Tagged as a future Grand Slam champion when just 15, South Floridian teen Coco Gauff fulfilled that weighty expectation when she won the US Open title on Saturday.

The 19-year-old Delray Beach native rebounded to win her first Grand Slam title 2-6, 6-3, 6-2 against Aryna Sabalenka of Belarus in 2 hours, 6 minutes at the Billie Jean King National Tennis Center in New York.

South Florida has helped me a lot to prepare for these moments,” Gauff said. “The endurance is there. I can last as long as anybody in the women’s side of the tournament. Probably even maybe some of the men.

“LIke the heat means nothing to me.”

Gauff is the third American teen to win the US Open title. She joins Serena Williams, who captured the trophy in 1999, and Tracy Austin, who won her teen final appearances in 1979 and ’81.

When she struck a final backhand pass winner at 40-0 in the final game, Gauff fell to the court and then was seen crouching with tears flowing down her face. As has become tradition for players, she climbed into the stands where she hugged her father Corey, her mother Candy, and then a host of other family members.

She then hugged her new coach, Brad Gilbert, brought on to the team after Wimbledon, who told her, “You did a good job, I’m so proud of you.”

Sep 7, 2023; Flushing, NY, USA; Coco Gauff of the United States defeats Karolina Muchova of Czech Republic in a women’s singles semifinal on day eleven of the 2023 U.S. Open tennis tournament at USTA Billie Jean King National Tennis Center. Mandatory Credit: Danielle Parhizkaran-USA TODAY Sports
Sep 7, 2023; Flushing, NY, USA; Coco Gauff of the United States defeats Karolina Muchova of Czech Republic in a women’s singles semifinal on day eleven of the 2023 U.S. Open tennis tournament at USTA Billie Jean King National Tennis Center. Mandatory Credit: Danielle Parhizkaran-USA TODAY Sports

Gauff, who will become the highest-ranked American women’s player at No. 3 on Monday, was later seen kneeling by her court-side seat, seemingly in prayer.

“I feel like this is a big achievement, but honestly, I feel like I’ve been so used to this since I was basically 15 years old in high school,” Gauff said. “I embrace it.“I think the pressure has been taken off a little bit, and I still am hungry for more.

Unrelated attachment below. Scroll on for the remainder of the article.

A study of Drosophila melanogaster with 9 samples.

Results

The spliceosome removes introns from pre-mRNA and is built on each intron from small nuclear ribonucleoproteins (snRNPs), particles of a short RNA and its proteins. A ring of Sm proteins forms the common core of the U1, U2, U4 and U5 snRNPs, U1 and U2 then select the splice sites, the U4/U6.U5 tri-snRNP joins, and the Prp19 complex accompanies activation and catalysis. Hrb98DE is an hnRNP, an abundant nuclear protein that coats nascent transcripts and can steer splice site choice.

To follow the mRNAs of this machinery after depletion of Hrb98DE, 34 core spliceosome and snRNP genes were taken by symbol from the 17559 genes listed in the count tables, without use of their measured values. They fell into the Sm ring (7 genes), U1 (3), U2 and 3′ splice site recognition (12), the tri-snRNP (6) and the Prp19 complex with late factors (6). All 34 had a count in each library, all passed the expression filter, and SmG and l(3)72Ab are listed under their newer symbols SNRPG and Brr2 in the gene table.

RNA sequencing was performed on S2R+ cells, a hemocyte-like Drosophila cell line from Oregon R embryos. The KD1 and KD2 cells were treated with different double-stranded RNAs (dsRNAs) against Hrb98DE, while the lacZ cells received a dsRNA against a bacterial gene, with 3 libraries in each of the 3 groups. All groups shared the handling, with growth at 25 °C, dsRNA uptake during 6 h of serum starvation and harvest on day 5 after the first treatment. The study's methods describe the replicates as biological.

“But yeah, I’m just going to enjoy this and try not to look into the future.”

This marked Gauff’s second career Grand Slam final appearance. She failed to secure her first major title in the 2022 French Open championship match, losing to Iga Swiatek.

Sabalenka, who won her first Grand Slam title at the Australian Open earlier this year, didn’t leave the US Open without a prize of her own. The 25-year-old will take over the world No. 1 ranking from Swiatek of Poland on Monday.

The final was a battle of Sabalenka’s power vs. Gauff’s court coverage and athleticism. Once Gauff worked out how to contend with Sabalenka’s mighty shots the match turned in the American’s favor.

The crowd of 28,143 spectators, the highest-attended women’s singles match in US Open history, was clearly antsy to offer emotional backing to Gauff. Sabalenka, however, did an excellent job of staying on top of the proceedings through the first set.

“I will say that in the first set I was dealing with my emotions quite good,” Sabalenka said. “I was focused on myself, not on the crowd or the way she move.

”Fans were finally offered a reason to cheer when Sabalenka double-faulted away her serve in the fourth game of the second set, giving the American a 3-1 lead. She held onto the lead to force a decisive third set.

When Gauff made good on a second breakpoint on Sabalenka’s serve in the first game of the third set with a forehand overhead winner the crowd were on their feet and screaming.

Gauff’s first game service break in that third set felt like a momentous occasion and turned out to be all that she needed to earn her stripes as a Grand Slam champion. The difference in Gauff’s game seems tied to her new coaching partnership with Gilbert, a former coach for Andre Agassi and Andy Roddick. Gilbert has been on the team as Gauff won two of her three titles this year at Washington and Cincinnati during the summer. In January, she won the Auckland trophy, which was also on hard courts.

Gilbert’s consistent message for Gauff is to understand that you don’t need to be playing your best tennis to win matches and titles. Playing your B-game effectively also results in victories.Sabalenka went into the match with an impressive 43-13 career winning record against Americans and was 8-1 in the category this season. But she couldn’t increase that record against Gauff on this day in New York.